There is no shortage of information, movies, and opinions about student achievement. Some talk about how to compete in a global economy. Others talk about the increased use of strategies such as cheating or using drugs like Adderall to improve performance. Still others talk about how to promote achievement in a healthy way. Recently, I read an article summarizing a study referred to as “The Berlin Study”. During the 1990’s, psychologists from the Universität der Künste examined violinists to determine who the highest achievers were and why. Fascinated by the findings, I read the article, “The role of deliberate practice in the acquisition of expert performance” that was published in the Psychological Review.
They came up with some very interesting findings. I think these findings are applicable to how we help our teens perform to the best of their ability.
One of the biggest findings challenged the idea that some are innately smart or talented in a certain area. Now, this is not to say that some teens are not more inclined to like athletics, music, or academics. However, they noted that to be truly gifted at something required practice and dedication. Often times, those that were considered “elite” had been engaged in the activity for at least 10 years. This is consistent with more recent reports that doing well in school has more to do with effort than it does natural ability or intelligence.
The larger group of musicians was divided into “elite” and “average” players. From this they gained some interesting insight on what separated the two groups.
- They practiced the same amount of hours. The difference was in how they spent their time. The elite group spent an average of 3 1/2 hours per day on what they called deliberate practice. This meant that they did uncomfortable, methodical work that stretched their abilities.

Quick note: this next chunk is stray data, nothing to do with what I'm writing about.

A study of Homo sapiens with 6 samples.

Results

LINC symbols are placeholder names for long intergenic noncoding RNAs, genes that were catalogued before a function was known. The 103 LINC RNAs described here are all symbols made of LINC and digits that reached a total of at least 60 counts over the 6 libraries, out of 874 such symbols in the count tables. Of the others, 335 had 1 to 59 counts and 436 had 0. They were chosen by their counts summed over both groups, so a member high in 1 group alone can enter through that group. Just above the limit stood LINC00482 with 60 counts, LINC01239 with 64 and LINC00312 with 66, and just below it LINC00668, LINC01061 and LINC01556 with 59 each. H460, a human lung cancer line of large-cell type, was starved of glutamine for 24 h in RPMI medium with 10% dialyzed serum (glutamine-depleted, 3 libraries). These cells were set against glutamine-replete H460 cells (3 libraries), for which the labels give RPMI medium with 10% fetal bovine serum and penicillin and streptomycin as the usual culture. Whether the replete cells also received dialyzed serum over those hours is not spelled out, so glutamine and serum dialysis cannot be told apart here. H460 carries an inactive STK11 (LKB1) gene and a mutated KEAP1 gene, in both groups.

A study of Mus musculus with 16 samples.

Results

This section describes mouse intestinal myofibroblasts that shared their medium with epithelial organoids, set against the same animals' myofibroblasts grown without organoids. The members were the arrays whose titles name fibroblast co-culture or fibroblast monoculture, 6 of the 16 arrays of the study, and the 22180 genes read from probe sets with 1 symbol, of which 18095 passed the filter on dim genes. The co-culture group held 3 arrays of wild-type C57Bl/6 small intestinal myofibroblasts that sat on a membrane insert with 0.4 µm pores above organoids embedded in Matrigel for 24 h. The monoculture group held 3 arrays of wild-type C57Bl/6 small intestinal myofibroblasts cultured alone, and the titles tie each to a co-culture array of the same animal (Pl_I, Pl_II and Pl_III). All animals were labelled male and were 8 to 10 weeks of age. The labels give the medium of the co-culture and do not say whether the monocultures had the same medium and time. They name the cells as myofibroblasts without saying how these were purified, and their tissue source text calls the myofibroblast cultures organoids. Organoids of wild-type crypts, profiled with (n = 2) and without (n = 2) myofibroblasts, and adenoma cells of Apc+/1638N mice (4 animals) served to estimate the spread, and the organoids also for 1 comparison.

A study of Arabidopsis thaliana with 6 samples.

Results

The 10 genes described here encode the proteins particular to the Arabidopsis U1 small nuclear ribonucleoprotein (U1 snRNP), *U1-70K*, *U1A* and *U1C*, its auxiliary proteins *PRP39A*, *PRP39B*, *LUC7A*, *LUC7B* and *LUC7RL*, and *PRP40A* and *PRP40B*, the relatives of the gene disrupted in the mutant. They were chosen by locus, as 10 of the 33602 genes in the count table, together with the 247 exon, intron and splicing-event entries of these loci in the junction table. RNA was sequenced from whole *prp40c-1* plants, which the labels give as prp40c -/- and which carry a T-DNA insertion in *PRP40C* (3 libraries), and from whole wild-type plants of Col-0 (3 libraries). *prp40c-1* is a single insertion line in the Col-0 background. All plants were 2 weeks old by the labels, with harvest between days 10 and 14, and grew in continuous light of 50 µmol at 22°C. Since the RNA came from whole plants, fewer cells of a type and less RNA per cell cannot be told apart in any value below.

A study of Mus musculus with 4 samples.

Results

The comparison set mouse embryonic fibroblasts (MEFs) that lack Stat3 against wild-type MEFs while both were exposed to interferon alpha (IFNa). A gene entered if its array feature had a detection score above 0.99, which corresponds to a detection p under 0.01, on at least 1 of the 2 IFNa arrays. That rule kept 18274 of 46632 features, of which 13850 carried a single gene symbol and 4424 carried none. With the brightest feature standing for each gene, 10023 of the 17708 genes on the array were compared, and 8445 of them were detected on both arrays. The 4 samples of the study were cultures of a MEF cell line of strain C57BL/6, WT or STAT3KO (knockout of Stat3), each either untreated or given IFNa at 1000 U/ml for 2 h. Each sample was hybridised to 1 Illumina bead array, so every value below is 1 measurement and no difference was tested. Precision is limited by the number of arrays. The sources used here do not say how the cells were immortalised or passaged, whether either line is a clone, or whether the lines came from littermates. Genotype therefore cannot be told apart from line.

- The elite group also practiced in large chunks of time – once in the morning and once in the evening. The average players spread their work throughout the day.
- The elite group was significantly more relaxed, less stressed, more rested, and engaged in more leisure activities.
This is not to say that there are not individual differences in a person’s ability to multi-task or manage stress. However, there are some interesting implications for how we teach our teens to study and build skills.
Let’s look at what all of this means. First, doing work that pushes you may not be fun at the time, but it provides for a bigger increase in skill. So, the same work is easier the next time. Seeing improvement leads to increased satisfaction and motivation to keep working. For our teens, this means being persistent, even in the face of challenge.
It also seems as though doing something for larger blocks of time allowed the students to get into a groove. You could say that their brain fired faster or they were in a “flow”. In short, the work they were doing was more effective than work that was constantly interrupted. When work was spaced throughout the day, the students wasted some of their time getting back into the activity. For our teens this means that distraction and interruption can be a huge barrier to being an effective student. Changing music, checking Facebook accounts, or texting friends may mean (1) taking longer to complete the work and (2) getting less out of it in the end.
Finally, spreading work throughout the day can leave a person in a constant state of busyness, stress, and exhaustion. This results in our teens thinking about what needs to be done when they should be sleeping, or even while they are working on something else. They may not have as much time for leisure activities because they are worried about having time to get everything done. This means that our teens could benefit from separating their school work, activities, time with friends, and time for television, games, or social media into distinct blocks of time throughout the day.
While we are talking about these strategies as they apply to our teens, you may find that they work for you as well!